Comments made by British Labour Party leader Jeremy Corbyn in 2013 that “British Zionists do not understand British irony” have resurfaced, adding fuel to the fire as British Jews remain increasingly apprehensive of the controversial contender for the British premiership.
The British Daily Mail published Corbyn’s comments, given at a conference in Friends House in Euston in 2013. The conference was attended by Islamic extremists and was featured on the website of Hamas's military wing. Among those attending were known anti-Semites, homophobes, and conspiracy theorists.
During his remarks at the conference, Corbyn, who was elected Labour Party leader in 2015, said that “British Zionists clearly have two problems. One is they don't want to study history, and secondly, having lived in this country for a very long time, probably all their lives, they don't understand English irony either. They need two lessons, which we could perhaps help them with.”
Members of the British Jewish community were outraged by the comment. Stephen Pollard, the editor of the Jewish Chronicle, said it “shows the reality of what Jeremy Corbyn thinks of Jews, somehow a breed apart from ‘normal’ English people."
Pollard added that he believed the Corbyn used the word "Zionist" to mean "Jews."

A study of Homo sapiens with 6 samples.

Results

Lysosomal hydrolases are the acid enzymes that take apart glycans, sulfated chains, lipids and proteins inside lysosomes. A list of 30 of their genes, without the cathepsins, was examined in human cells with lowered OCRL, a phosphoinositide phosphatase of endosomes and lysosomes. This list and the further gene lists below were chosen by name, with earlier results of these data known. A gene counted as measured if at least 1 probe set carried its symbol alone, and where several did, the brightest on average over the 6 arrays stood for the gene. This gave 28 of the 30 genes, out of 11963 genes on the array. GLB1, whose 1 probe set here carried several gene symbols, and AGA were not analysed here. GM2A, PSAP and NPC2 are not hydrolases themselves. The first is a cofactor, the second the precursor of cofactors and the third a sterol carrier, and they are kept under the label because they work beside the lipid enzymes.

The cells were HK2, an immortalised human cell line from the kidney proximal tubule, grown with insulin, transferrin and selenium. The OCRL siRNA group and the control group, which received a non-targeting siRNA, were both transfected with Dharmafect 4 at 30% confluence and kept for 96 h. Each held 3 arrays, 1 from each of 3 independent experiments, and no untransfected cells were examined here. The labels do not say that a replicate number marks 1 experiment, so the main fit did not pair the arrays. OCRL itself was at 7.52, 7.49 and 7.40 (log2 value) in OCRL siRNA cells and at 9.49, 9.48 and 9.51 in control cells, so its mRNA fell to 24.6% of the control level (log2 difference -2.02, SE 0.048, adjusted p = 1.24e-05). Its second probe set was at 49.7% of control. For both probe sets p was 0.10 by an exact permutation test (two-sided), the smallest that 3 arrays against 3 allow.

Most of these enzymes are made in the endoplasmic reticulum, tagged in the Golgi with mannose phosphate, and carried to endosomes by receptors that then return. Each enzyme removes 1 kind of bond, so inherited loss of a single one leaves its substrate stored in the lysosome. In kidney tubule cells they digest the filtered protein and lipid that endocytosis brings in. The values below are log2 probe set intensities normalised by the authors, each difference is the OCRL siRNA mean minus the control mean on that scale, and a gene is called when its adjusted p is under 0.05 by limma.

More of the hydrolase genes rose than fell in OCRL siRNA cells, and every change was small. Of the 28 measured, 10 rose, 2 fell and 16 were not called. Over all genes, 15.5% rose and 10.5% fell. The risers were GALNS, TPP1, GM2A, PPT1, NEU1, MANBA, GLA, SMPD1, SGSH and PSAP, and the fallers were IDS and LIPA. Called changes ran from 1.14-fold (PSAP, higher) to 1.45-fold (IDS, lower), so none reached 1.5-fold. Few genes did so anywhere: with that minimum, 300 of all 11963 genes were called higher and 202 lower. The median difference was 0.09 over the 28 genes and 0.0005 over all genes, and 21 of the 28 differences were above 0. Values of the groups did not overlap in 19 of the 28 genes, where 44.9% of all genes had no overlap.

“The idea that British Jews somehow haven't absorbed British values is outrageous,” said Jonathan Sacerdoti, a founding trustee of the Campaign Against Anti-Semitism, and an anti-racism campaigner.
“To doubt our Britishness because we disagree with your controversial views on Palestine, when you are the one fraternizing with extremists, is deeply anti-Semitic. British Jews are right to be scared,” he added.
Corbyn's name has been repeatedly linked to anti-Semitic and anti-Israeli comments and events.
Earlier this week, the British media reported that he participated in a 2012 conference atteded by Hamas terrorists, some released as part of the 2011 Shalit deal. Corbyn described their words as "fascinating and electrifying."
Corbyn wrote in the Morning Star newspaper in praise of the conference, calling the terrorists "brothers” and glorifying their speeches.